We both agree that this phrase satisfies the common idiom and metaphor criteria when used in a position where it is not literally applicable, that it is still able to take on and express a legitimate, logical idea (i.e. have valid meaning.)

We agree that the difference between an idiom and a metaphor is that a metaphor requires consideration of its surrounding textual context in order to have meaning; while an idiom is a metaphor so commonly used that it has valid meaning to those unaware of its original context.

For example, a 'rain check' started off as a metaphor in local areas where the literal rain check for baseball games gave context to its use in situations outside of baseball games (e.g. I'd have to take a rain check on that BBQ). Outside of these areas, where literal rain checks in baseball set the context, the phrase 'take a rain check' would have no valid meaning.

However, once the metaphor become more popular and commonplace, many English-speaking culture began to use and understand the phrase, without the benefit of its original literal baseball context. At this point, we agree that the phrase has become an idiom.

Our point of disagreement is: does a phrase stop being a metaphor once it has become an idiom? Or do idioms retain their metaphor 'status' on promotion to an idiom?

(I tagged this post under both American and British English as I believe the phrase originated under the former, but spread to later become and idiom in the latter; British English is also what my friend and I speak and thus where we encountered this problem)

  • To respond to one of your questions, a metaphor would not die due to the remoteness from its source. It would instead take on a life of its own for the meaning it conveys independently, distanced from its birthright. So we know it's time to worry when the cat's out of the bag, regardless of whether the cat was or wasn't a whip. – Yosef Baskin Jul 4 '17 at 19:42

rain check NOUN

North American

1 A ticket given for later use when a sporting fixture or other outdoor event is interrupted or postponed by rain.

and of course this is where the broadened usage has come from:

take a rain check [phrase (in the broader sense of the word)]

Used to refuse an offer politely, with the implication that one may take it up at a later date.

Since the broadened usage is obviously not a literal one, this usage is a metaphor. Yourdictionary.com gives the most helpful definition of metaphor here:

'[a figure of speech where] a word or phrase ordinarily and primarily used of one thing is applied to another'


Since 'take a rain check' (cf 'take a sun hat') uses neither unusual senses of any words (one might argue somewhat old-fashioned, but that's different) nor unusual syntax, I'd maintain that this is not an idiom. Though it's certainly a fixed expression.

.............

'She led him a merry dance' is certainly a metaphor and arguably an extra-grammatical idiom; I've seen an argument for ditransitivity here, but it is extremely unconvincing.


The main difference between an idiom and the others is that an idiom has become popular in a native language. It's known to the listener whether they know they meaning of the individual words, or the phrasing, or not. They know it because they have heard it so much they know what it means regardless of the individual words or meanings or definitions.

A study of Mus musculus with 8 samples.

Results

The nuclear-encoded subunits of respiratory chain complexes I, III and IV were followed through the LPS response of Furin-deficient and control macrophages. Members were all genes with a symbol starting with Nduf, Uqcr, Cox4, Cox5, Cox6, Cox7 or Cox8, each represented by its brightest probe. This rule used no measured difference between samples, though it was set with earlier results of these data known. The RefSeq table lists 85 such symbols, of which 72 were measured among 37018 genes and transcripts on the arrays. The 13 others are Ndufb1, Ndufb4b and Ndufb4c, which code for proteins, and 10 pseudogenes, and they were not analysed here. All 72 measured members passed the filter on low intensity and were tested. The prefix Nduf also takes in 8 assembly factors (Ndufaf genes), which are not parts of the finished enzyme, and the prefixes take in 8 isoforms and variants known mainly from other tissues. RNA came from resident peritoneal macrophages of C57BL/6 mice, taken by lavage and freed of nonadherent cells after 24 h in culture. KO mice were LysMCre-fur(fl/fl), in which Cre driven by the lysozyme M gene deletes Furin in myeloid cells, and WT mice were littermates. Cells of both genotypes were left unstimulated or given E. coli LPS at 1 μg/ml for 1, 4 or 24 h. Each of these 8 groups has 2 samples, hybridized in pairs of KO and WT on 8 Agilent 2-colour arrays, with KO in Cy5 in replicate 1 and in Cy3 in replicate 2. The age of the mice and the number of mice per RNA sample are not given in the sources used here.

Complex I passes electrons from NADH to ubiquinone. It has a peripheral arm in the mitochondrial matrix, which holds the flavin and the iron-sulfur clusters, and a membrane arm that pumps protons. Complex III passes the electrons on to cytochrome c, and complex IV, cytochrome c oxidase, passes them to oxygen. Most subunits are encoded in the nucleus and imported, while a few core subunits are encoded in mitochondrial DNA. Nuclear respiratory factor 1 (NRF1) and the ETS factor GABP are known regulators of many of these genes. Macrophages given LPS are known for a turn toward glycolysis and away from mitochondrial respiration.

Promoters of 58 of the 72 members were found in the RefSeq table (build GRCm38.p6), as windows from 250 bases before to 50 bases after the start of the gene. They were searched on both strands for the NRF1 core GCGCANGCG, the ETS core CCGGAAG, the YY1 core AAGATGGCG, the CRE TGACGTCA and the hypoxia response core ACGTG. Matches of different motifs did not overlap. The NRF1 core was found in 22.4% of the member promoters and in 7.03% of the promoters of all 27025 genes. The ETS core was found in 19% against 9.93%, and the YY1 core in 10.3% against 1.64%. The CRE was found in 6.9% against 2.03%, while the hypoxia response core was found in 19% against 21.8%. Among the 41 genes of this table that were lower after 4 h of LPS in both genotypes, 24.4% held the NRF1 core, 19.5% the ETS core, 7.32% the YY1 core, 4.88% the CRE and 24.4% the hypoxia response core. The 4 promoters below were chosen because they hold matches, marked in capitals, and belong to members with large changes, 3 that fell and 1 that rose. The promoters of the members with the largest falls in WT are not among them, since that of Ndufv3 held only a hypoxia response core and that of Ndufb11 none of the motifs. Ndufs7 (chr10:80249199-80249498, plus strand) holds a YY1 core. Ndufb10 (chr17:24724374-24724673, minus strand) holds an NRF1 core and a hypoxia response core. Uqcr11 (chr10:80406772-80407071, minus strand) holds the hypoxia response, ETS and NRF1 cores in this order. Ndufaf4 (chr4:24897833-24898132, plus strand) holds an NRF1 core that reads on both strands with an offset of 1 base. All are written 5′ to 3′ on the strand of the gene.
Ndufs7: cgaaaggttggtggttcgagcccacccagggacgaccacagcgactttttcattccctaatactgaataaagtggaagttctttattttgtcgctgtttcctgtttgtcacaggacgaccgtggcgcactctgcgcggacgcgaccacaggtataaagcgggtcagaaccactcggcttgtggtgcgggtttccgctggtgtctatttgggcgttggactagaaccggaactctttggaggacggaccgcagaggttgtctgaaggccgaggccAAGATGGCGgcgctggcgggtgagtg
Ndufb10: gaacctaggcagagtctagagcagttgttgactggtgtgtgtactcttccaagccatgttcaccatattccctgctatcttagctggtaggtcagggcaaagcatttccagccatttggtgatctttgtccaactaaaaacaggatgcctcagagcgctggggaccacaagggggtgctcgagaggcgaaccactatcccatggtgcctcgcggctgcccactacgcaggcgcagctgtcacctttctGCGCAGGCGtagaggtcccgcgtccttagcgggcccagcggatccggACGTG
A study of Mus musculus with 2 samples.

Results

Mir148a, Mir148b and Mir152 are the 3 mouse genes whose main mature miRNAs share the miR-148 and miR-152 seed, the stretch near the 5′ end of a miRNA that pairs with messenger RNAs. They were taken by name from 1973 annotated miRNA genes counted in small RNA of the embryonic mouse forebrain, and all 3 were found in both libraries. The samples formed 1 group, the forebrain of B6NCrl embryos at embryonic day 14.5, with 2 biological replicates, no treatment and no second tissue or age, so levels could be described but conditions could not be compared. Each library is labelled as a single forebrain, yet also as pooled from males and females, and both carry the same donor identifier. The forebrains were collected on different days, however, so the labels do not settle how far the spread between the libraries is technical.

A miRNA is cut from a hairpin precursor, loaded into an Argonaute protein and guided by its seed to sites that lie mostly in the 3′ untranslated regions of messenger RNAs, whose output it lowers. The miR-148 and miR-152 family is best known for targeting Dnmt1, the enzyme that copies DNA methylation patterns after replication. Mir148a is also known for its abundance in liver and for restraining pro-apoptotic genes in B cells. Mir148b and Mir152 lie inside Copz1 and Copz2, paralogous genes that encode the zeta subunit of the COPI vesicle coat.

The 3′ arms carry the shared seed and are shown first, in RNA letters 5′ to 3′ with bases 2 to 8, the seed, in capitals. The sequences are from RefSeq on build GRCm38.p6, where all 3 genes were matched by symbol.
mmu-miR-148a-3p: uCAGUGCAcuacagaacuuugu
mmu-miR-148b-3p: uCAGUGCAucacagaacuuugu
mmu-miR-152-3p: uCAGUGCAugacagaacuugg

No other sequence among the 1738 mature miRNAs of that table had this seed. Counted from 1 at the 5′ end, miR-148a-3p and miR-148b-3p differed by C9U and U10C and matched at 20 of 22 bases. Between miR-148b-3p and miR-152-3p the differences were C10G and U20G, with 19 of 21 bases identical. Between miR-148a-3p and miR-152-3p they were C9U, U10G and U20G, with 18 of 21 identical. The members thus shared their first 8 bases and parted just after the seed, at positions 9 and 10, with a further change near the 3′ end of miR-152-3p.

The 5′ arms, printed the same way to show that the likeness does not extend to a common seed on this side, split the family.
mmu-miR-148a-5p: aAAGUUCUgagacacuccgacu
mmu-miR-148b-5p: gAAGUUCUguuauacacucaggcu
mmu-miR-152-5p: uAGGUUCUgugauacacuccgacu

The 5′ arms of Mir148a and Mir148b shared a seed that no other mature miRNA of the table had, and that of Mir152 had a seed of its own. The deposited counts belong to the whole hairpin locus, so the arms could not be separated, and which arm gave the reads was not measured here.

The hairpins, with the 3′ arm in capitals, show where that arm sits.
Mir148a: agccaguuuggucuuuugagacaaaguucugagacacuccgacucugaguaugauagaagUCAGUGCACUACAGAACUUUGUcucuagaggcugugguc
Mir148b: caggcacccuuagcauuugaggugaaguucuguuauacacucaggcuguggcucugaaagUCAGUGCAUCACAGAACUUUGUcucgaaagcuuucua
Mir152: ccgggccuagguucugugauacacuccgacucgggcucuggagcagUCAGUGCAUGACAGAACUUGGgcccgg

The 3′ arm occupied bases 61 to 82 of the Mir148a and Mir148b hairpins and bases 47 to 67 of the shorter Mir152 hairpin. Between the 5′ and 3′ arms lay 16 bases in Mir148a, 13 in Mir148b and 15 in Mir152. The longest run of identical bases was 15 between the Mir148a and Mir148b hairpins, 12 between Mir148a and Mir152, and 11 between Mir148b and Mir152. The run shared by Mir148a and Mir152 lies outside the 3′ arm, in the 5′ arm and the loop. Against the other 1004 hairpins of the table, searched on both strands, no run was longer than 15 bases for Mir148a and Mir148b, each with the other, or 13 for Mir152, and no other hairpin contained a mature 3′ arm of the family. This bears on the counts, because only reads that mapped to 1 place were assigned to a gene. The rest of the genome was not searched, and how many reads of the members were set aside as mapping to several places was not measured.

"Figures of speech", which include metaphors and similes, are really only different in that their meaning can be determined even if the listener is not familiar with the phrasing. What does that mean? Okay, for example, let's say you know what, "the early bird gets the worm", means because you have heard it all your life. You understand it automatically without even considering the individual words. Now, let's take something like, "necessity is the mother of invention". You may never have heard this before. However, because of the descriptive language you are able to deduce that this means necessity is what moves or progresses invention. That is the real difference between the two.

So, from these standpoints we could say that all metaphors and similes are idioms but not all idioms are metaphors or similes.

However, the bottom line is that they are all extremely similar, and for all intents and purposes, in my book (another metaphor, or idiom, depending on point of view ;) ), could be very nearly considered synonyms of each other.


An idiom is a phrase whose meaning cannot be established from the combination of its individual words, usually by repeated use in other contexts.

A metaphor, or more generally a figure of speech, is a nonliteral way of understanding a phrase (for metaphor, by analogy).

An idiom is non-literal and a figure of speech is non-literal, though their emphases are different. An idiom is opaque but a figure of speech is more poetic. A particular phrase that uses any one of the strategies of figure of speech (metaphor, synecdoche, personification, etc), can become an idiom by overuse.

In particular, a metaphor that has become a dead metaphor. Their example, 'Time is running out' is a metaphor because time can't literally run but it can feeling like it is flowing quickly along like someone running. It's also an idiom because no one (native speaker) has any inkling about flowing when they say it, it just means immediately that there is no more time.

Of course other figures of speech could be considered idioms. 'White House', used as a stand-in for 'the presidency of the USA', is metonymy. But it is also an idiom because you'd never know it was referring to the presidency unless you knew the name of the president's residence.